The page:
The elections in Greece and France have brought yet another bout of euro crisis. It had been so far a game played between policy makers (EU, ECB, IMF) and markets (especially bond markets), in which policy reacted with bailouts and political agreements to every bout of market pressure. There is a new player now, which adds even more noise and coordination failure: the people.

Greece is now closer to a serious crisis (euro exit, default, etc.), but the risk for the global economy is not there. The risk remains the fundamental flaws of the euro institutions and the coordination problems that they produce. Coordination failure across economic policy decisions, crisis management, as well as street politics can definitely lead to a disorderly outcome for the euro as a whole. A complete unwind of the euro is still a low probability event and it would take time, but it cannot be ruled out.

As we stated many times before, the euro has some basic fundamental flaws (no central fiscal authority backing the monetary union is the key one), and then the nature of the ad hoc political union provides for coordination failure every time markets require a drastic and quick policy response. To this dangerous combination we now add more noise and un-structured debate, with the people expressing anger through votes/parties that lack a coherent alternative plan.

One possible response to the events in Greece could be a managed exit of Greece from the Eurozone. But EU politicians seem incapable of thinking through such scenario. They think of the Eurozone as a one-way street. This is a big mistake. The euro has to be a two-way street. A political ideal cannot violate basic economic rules for a long period of time. Countries that repeatedly become un-competitive and fiscally insolvent cannot stay in a monetary union with richer, solvent and more competitive partners. The less disciplined members had repeatedly relied on monetary and FX degrees of freedom to adjust, and the euro shut down those release valves. If EU policy makers do not want to think and plan for this scenario, the Greek people will do it for them, most likely in a costlier fashion for all. We acknowledge the difficulty in designing and then implementing an exit, as well as the difficult political game now played between the extreme left in Greece and the EU. The Syriza Party argues Greece could renege on the recent agreements and default on debt, but remain in the euro. And EU officials are reluctant to expel a member country, though they are now openly accepting a country could choose to leave. Greek politics, as opposed to careful policy considerations, are bound to decide the fate of Greece and its euro-membership. Whether this is a minor or a major shock depends on how the EU and the ECB protect the rest of Europe.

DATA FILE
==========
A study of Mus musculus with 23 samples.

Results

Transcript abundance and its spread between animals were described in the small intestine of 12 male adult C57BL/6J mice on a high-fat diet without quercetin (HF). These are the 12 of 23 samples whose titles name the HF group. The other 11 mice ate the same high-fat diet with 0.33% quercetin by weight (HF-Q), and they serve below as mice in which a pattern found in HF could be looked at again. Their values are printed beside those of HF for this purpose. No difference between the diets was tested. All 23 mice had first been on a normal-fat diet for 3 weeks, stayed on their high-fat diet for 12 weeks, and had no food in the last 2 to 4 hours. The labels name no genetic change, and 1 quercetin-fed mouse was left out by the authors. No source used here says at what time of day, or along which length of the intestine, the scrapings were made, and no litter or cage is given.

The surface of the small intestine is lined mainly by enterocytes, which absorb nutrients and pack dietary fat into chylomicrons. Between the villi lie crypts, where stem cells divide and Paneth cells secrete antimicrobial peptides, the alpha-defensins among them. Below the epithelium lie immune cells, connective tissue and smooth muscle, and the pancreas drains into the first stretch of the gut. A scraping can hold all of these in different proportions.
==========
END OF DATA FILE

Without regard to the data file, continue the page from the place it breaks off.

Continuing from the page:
The French elections, and now one key regional election in Germany, disrupt the political support for fiscal consolidation, as well as structural reforms, and this is more important than what happens in Greece. The euro can definitely survive Greece and other small countries failing and leaving the monetary union. But the euro cannot survive lack of action on fiscal consolidation and structural reforms in the key countries (Germany, France, Spain and Italy). These four form the core of the euro because of their size, and these four should work towards the sustainability of the monetary union scheme, which means fiscal consolidation and integration, as well as economic efficiency that produces the necessary gains in competitiveness. Severe political disagreements between and within those four countries undermines the euro project, as they are happening in a critical moment for such project, when time and decisiveness matter more than ever.

On the positive side, the recent debate on a ‘growth pact’, which some even labeled a new ‘Marshall Plan’ could be read as an indication that fiscal integration is gradually happening. Last year Merkel and Sarkozy ruled out the so-called ‘eurobonds’ because they said it was still too early, that richer countries could not backstop poorer ones before they reformed. But using the EIB (European Investment Bank) for an investment push for growth funded with debt issued under the name of the union is a step in the direction of ‘eurobonds’, at least a transitory one.